Louisville (Ky.) Courier-Journal, June 29, 2006
FACING CITY'S HEALTH INEQUITIES
[Rachel's introduction: The health department of Louisville, Kentucky has set up a Center for Health Equity to focus on the social determinants of health such as a person's job, neighborhood, income and education, as well as personal responsibility. It will also examine the potential for discrimination in the delivery of health care and will seek solutions. The aim is to create programs that can be replicated in other cities.]
By Adewale Troutman**
Special to The Courier-Journal
When babies in some racial and ethnic groups are dying twice as often as those in other groups, when there are more than 83,000 excess deaths per year among certain groups, and when death rates for members of some groups are nearly 30 percent higher than for members of other groups -- then you know you have a problem in your society.
These statistics do not refer to health inequities that exist in some far, distant developing nation, but in our own United States and in our own hometown of Louisville.
Despite progress in civil rights, housing and education since 1960, the health gap between black and white Americans has remained constant over the past 45 years and has actually gotten worse for some categories.
In 1960, for example, the African-American infant mortality rate (the rate at which babies die before their first birthday) stood about 1.5 times higher than the white infant mortality rate. By 2000, the infant mortality rate among African Americans was more than double that of whites. While infant mortality fell for both groups, it fell proportionately further for white than for African-American babies. Similarly in 1960, deaths for African-American men were 1.37 times higher than they were for white men. By 2000, this gap had increased to 1.48 times higher.
Louisville mirrors these national trends. Heart disease death rates were 37 percent higher in 2003 for black residents of Louisville than they were for white residents. The percentage of diabetes in 2004 was 43 percent higher for black residents. The overall mortality rate in Louisville in 2003 was 30 percent higher for black residents than for white residents.
Data collected since 1985 also point to similar disparities between other communities of color such as Latinos and the rest of the American population. The U.S. Department of Health and Human Services, for example, reports that Latinos are twice as likely to die from diabetes.
To begin to close the health gap, Mayor Jerry Abramson and the Louisville Metro Health Department are establishing the Center for Health Equity. Located in historic Hampton House, the center will set up best practices models that can be replicated in other cities throughout America. The Center for Health Equity will focus on the social determinants of health such as a person's job, neighborhood, income and education, as well as personal responsibility. It will also examine the potential for discrimination in the delivery of health care and seek solutions.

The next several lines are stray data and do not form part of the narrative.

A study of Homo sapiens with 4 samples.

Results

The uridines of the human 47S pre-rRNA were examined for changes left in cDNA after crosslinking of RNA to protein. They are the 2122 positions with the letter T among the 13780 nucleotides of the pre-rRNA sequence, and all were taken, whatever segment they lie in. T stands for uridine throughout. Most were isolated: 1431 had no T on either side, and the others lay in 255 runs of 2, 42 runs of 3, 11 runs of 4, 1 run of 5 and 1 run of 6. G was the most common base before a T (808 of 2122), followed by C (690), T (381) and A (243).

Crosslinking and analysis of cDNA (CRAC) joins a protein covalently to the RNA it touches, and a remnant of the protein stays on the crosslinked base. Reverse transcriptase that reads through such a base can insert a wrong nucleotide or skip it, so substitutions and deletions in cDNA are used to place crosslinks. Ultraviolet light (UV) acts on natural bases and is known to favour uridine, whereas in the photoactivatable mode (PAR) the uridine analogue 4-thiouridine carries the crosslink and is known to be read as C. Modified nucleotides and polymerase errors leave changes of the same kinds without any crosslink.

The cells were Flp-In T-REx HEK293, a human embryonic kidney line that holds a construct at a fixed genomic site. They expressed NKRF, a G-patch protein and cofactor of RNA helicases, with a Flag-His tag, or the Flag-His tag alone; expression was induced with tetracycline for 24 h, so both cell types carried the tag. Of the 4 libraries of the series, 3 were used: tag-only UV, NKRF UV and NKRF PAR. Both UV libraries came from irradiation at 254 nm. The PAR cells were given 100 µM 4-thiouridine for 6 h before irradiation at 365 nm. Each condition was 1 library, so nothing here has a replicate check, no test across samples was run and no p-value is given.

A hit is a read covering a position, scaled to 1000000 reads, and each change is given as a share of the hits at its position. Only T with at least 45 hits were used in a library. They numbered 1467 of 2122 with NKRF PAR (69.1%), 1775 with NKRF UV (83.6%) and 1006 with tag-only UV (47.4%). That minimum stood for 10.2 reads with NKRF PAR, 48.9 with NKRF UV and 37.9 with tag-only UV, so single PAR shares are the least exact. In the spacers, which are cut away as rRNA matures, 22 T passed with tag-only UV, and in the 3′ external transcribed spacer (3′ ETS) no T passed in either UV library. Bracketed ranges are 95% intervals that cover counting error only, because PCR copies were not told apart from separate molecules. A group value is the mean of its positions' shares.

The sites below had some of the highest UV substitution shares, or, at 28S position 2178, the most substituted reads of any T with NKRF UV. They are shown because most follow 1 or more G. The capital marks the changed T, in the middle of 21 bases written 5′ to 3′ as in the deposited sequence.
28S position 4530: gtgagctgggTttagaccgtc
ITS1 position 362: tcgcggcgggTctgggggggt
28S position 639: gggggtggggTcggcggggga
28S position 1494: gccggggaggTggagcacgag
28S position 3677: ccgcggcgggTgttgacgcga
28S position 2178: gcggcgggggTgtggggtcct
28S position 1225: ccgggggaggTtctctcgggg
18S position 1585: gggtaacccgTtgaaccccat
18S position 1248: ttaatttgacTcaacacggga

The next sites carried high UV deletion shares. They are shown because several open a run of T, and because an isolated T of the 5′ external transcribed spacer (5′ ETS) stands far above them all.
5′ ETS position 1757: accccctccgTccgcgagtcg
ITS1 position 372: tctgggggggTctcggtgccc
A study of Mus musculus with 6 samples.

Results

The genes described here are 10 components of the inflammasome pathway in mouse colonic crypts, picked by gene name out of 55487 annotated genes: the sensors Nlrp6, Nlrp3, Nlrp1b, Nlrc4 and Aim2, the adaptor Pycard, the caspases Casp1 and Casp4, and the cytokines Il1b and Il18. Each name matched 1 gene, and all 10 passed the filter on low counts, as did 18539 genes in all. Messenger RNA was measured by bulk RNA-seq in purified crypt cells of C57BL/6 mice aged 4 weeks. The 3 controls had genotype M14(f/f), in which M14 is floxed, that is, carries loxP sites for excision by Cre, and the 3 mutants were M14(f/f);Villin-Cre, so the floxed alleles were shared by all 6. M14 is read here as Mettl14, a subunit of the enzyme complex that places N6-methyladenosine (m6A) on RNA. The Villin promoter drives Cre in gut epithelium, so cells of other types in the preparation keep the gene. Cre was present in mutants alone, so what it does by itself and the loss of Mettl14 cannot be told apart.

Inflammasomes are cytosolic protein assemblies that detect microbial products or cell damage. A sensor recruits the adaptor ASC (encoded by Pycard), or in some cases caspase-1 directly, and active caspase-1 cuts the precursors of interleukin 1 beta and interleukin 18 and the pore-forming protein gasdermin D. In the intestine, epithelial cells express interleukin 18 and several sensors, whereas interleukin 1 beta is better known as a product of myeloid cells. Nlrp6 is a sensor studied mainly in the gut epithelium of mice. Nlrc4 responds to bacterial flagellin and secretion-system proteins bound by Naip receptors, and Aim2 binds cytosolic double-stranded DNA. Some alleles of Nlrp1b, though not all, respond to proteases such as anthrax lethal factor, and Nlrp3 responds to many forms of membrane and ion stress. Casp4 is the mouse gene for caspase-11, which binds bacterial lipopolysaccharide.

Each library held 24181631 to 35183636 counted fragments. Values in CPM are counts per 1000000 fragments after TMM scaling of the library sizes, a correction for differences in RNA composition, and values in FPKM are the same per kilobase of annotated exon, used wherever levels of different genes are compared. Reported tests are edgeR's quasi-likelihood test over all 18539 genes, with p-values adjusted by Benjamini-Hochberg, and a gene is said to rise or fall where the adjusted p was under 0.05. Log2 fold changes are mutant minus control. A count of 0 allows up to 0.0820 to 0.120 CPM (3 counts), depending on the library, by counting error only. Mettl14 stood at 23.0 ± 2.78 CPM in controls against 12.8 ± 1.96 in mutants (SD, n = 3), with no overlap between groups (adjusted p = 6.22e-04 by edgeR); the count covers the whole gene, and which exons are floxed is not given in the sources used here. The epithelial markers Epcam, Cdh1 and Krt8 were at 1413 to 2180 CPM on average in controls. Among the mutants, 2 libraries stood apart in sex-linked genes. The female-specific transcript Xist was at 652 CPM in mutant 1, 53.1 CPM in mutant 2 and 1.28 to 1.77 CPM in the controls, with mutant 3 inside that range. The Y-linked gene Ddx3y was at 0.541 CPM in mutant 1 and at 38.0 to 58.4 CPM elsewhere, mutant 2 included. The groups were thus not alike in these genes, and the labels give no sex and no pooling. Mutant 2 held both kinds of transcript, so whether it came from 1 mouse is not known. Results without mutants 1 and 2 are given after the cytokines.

The center will partner with the University of Louisville School of Public Health and Information Sciences and other institutions to continue to research the causes of health inequities to develop creative and innovative solutions to this tragedy.
One of the first projects of the Center for Health Equity will be the Tommie Smith Track Club youth initiative. Olympic gold medalist Tommie Smith was in Louisville in February to help us begin organizing the clubs. Working with a broad range of community partners, the Center for Health Equity is establishing 10 to 15 track clubs for elementary and middle school children. The clubs are designed so that children of all ability levels can be successful. The Louisville clubs will include instruction on nutrition, attention to self esteem, and the importance of education, as well as fitness assessments by the Health Promotion Schools of Excellence.
The Center for Health Equity will address the high rates of heart disease and diabetes in communities of color here in Metro Louisville. It will also seek to impact high rates of HIV/AIDS and violence among African Americans and Latinos.
The Center for Health Equity will not be limited to dealing with African Americans. The Latino population in Louisville has more than doubled in the past 10 years. The center will deal with the health issues of this growing segment of our community. It will also confront health issues faced by other emerging populations in our city as well as those faced by lower income populations of all races and ethnic groups.
The Center for Health Equity will benefit the entire Louisville community. Bringing about equity in health means that we recognize that health is a right and that it is connected to a wide range of social and structural factors, all of which must be addressed to secure that right. We all win when our city becomes a healthier, safer and more livable place.
**Adewale Troutman, M.D., M.P.H., M.A., is director of health for Louisville Metro.